Maximal allowed error for PT resistors class A/B/C and Thermocouple K class 1 and 2.
As the class A is defined only from -100 to +300°C and B from -200 to +600°C, the allowed error has steps at these values to the next lower class.
Thermocouples Type K have no defined error below -40°C according DIN / ISO standards. For Class 2 a typical specification from a manufacturer is given.
The most common way for temperature measurement in vacuum systems is the use of thermocouples or PT100 resistors. Here a short summary is given for the pros and contras for these two ways.
Thermocouples use the Seebeck effect: If you join two materials, a voltage is created. This voltage can be measured and, by looking it up in a table, the temperature is defined. (it's a little more complex in reality, you need a fixed known reference point etc, but this is all included in the actual displays and controllers). So the thermocouple creates the signal / voltage, which is measured.
A resistor works in a different way. Here the resistivity changes with temperature, so to measure it, you need an external power supply to do this. All electrical conductors change the resistivity with temperature. For precise measurements Platinum resistors are used. The reason is, that Platinum can be manufactured with very poor impurities and the material is inert to a lot of gasses and chemicals. (Other sensors are NTC / PTC resistors. The tolerances on these items are significantly bigger).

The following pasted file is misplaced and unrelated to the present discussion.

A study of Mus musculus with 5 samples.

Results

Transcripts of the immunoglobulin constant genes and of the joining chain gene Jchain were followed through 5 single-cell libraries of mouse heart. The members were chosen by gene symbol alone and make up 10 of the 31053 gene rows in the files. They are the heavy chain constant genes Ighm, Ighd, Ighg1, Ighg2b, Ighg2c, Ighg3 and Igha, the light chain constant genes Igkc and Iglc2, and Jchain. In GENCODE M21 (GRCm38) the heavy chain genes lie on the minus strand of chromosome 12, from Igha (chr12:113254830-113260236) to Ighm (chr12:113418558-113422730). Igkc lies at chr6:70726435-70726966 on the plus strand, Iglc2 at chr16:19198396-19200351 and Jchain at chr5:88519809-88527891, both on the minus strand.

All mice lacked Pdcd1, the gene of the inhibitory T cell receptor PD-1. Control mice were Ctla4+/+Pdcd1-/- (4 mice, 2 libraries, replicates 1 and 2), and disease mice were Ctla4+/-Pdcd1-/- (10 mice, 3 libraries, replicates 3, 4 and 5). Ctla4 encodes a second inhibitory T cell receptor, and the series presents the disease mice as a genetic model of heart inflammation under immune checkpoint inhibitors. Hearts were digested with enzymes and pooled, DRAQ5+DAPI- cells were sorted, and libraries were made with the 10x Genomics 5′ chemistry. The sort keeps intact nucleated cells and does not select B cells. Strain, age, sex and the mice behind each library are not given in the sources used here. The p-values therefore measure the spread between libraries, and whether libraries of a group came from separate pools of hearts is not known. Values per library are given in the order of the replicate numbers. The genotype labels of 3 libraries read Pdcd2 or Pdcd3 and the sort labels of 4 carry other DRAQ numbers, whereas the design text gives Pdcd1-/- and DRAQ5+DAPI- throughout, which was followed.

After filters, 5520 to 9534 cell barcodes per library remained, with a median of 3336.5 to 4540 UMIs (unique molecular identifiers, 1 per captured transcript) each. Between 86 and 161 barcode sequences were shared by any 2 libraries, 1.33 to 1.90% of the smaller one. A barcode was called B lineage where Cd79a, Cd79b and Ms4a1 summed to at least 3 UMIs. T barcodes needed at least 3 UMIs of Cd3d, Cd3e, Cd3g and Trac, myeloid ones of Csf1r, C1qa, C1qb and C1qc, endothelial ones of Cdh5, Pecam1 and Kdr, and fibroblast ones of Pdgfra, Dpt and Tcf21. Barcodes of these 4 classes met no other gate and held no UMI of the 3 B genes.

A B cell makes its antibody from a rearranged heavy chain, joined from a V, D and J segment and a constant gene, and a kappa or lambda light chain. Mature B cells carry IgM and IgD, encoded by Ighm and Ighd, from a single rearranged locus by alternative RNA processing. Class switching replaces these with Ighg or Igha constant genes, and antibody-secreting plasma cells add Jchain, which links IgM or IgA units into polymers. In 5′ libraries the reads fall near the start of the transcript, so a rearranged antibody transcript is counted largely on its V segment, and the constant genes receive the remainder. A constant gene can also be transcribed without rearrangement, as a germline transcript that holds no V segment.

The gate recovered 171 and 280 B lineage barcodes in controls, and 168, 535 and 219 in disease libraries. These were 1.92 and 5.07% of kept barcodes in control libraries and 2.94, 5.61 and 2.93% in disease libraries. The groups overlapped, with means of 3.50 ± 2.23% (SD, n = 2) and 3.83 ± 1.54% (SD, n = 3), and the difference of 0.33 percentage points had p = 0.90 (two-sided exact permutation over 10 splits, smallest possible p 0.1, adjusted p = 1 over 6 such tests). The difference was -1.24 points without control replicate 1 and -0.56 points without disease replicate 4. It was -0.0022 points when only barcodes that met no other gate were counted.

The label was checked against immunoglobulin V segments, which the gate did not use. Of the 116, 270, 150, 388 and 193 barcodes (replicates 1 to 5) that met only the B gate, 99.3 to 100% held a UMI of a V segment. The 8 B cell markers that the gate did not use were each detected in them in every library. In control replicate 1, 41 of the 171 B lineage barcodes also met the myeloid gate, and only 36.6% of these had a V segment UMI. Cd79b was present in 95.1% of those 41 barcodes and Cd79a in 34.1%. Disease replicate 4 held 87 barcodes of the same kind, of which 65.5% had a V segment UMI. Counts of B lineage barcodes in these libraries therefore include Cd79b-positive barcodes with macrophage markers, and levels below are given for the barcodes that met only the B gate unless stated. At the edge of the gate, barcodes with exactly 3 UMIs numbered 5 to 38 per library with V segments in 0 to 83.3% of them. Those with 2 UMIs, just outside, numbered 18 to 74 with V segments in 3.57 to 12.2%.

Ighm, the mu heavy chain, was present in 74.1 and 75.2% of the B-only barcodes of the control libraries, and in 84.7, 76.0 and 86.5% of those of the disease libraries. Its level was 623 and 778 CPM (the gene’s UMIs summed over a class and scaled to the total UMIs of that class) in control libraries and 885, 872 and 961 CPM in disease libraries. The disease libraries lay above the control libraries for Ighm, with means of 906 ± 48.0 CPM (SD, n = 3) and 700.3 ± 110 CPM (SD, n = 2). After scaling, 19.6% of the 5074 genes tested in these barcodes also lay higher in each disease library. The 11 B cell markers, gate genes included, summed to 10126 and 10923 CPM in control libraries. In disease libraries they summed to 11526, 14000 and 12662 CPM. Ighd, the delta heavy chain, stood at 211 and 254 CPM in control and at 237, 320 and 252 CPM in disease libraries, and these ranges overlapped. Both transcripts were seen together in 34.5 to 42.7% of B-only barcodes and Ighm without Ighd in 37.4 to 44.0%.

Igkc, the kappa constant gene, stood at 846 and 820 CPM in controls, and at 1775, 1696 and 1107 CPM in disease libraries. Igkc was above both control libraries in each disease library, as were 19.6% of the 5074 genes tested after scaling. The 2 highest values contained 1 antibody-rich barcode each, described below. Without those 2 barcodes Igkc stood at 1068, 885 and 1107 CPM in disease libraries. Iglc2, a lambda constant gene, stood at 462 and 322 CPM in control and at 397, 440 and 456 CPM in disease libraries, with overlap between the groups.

So the PT resistor has a very high stability against long term changes. The new 243-PT100-C1 resistor combines high stability, high accuracy and small size with an expanded usable temperature range up to 750°C.
As usual, each method had advantages and disadvantages. A thermocouple is very simple (just two wires) and so installation and mounting is easy. The connection to a display is sometimes complex. Each junction must be done with the right material. If extension grade cables are used, the connections must be at the same temperature. Otherwise an error of some Kelvin is possible.
For accurate measurements, a PT resistor has much higher stability and lower errors over a wide range. No hysteresis effects appear, no “Zero” is required. Allectra recommends to use 3- or 4-wire connection to compensate the cable resistivity. The limit for PT100 are high temperatures. Above 750°C type R and S are the most accurate alternatives.
Fixing a PT100 is more complex than fixing a thermocouple. For god thermal contact, Allectra offers Liquid Metal (317-TCL-1 / 317-TCP-20x20 / 317-TCP-38x38) as well as a clamp.
Allectra GmbH was founded in 2002 in Berlin and now manufactures and supplies a full range of HV (high vacuum) and UHV (ultra high vacuum) components including custom products all over the world. Allectra Limited was started in 2003 in Sussex to promote the products on a worldwide basis. The Allectra sales and service network is also supported by offices in France and Italy. Today, global customers include universities, major Synchrotron laboratories and High Technology companies.